Despite launching as a watch brand some 98 years ago, Carl F Bucherer has been absent from the UK until now. Here we take a closer look at the family-owned manufacture.
by James Buttery
You could probably count the number of family-owned Swiss watch manufactures on the fingers of one hand, certainly those still owned by the family that founded them. But here in the UK few would mention the name of Carl F Bucherer because, until now, the brand has barely had a presence in the UK.
Established in 1888 in Lucerne – the medieval city whose picturesque wooden bridges still zig zag the waterways – when Carl Friedrich Bucherer opened a boutique selling jewellery and watches. It wasn’t until 1919 that the retailer launched its own Art Deco-styled collection of women’s watches, a move which signaled the arrival of a Swiss watchmaking powerhouse.
Carl F Bucherer then spent the middle of the 20th Century producing chronometers and sporty chronographs, at one point even becoming one of Switzerland’s biggest producers. By the end of the 1960s, Carl F Bucherer joined forces with the likes of Patek Philippe and Omega to help develop the BETA 21 quartz movement.
Today the company is owned by Jörg G Bucherer, the third generation family owner, who took over the business in 1976. His tenure has seen considerable investment in R&D and production including a move to larger manufacturing facilities, first in 2002 and then in 2015 as well as the 2007 acquisition of a movement atelier in Saint-Croix. This latter move gave Carl F Bucherer the knowhow to manufacture its own movements and complication modules.
This addition to the business allowed Carl F Bucherer to present the A1000, above, its first manufacture movement in 2008, it was also one of the few automatics with peripheral winding rotors available on the market. A movement with peripheral rotor offers two main benefits over a movement with a standard, stacked rotor; it offers an unobstructed view of the movement itself and allows the movement to be considerably slimmer as well. Shock absorption was also a central focus for Carl F Bucherer, with the peripheral rotor mounted on three sprung assemblies whilst the escapement was mounted using two additional shock-absorbing arms (CDAS) which also served to adjust and lock-in settings to the regulator and hairspring stud.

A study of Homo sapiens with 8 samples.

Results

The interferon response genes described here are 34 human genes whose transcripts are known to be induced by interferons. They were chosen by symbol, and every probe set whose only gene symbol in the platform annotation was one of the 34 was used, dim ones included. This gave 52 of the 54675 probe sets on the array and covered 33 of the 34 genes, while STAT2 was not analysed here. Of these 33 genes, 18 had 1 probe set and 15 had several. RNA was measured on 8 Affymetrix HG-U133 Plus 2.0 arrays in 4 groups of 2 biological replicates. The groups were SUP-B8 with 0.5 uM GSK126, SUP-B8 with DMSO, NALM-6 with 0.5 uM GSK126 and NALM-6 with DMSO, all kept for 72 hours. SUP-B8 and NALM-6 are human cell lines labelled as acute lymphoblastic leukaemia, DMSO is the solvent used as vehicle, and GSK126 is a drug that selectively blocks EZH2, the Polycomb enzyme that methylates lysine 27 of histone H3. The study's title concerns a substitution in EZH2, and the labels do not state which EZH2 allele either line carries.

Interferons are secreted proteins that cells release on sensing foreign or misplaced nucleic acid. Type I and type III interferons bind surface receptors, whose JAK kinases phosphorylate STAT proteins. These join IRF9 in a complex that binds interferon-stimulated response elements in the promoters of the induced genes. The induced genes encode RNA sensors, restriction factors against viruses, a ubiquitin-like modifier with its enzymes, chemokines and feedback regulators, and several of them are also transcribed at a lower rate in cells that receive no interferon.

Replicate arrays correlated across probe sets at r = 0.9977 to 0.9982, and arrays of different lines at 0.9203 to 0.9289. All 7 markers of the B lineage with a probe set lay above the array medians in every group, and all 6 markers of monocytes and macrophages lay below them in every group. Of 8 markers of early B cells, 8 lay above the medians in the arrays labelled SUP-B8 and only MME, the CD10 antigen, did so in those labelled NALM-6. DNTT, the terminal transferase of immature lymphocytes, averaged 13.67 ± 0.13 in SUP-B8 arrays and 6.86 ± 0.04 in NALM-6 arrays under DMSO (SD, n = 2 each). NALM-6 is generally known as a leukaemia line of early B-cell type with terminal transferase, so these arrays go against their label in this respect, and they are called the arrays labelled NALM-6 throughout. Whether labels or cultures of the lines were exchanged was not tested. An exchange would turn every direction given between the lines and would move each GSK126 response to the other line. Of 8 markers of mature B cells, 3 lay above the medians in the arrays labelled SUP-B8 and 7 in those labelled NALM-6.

When the A2000, above, was introduced last year to replace its predecessor, the CDAS mechanism was replaced by a free-sprung balance and a faster 4hz rate for greater precision and the modern ‘circuit board’ decoration of the bridges had become more traditional with sharply bevelled, mirror finished edges.
The A2000 now sits within the brand’s bestselling, classically inclined Manero collection at the heart of the Manero Peripheral, above, a handsome 40mm small seconds automatic with date window introduced in 2016.
The brand’s latest watch is the Manero Flyback, below, a mid-20th Century-styled 43mm chronograph with a CFB 1970 column wheel flyback chronograph movement based on the Valjoux 7750 and exclusive to the brand.
The bicompax dial layout may present a lot of information beneath its deep double-domed sapphire crystal, but neat touches like the open-worked dauphine hands ensure you can see what you need to when you need to. Presented in both stainless steel and 18ct red gold and with a variety of dial colours from a subdued slate blue to a champagne that appears almost patinated, the Manero Flyback offers a surprisingly wide range of looks through just five variations.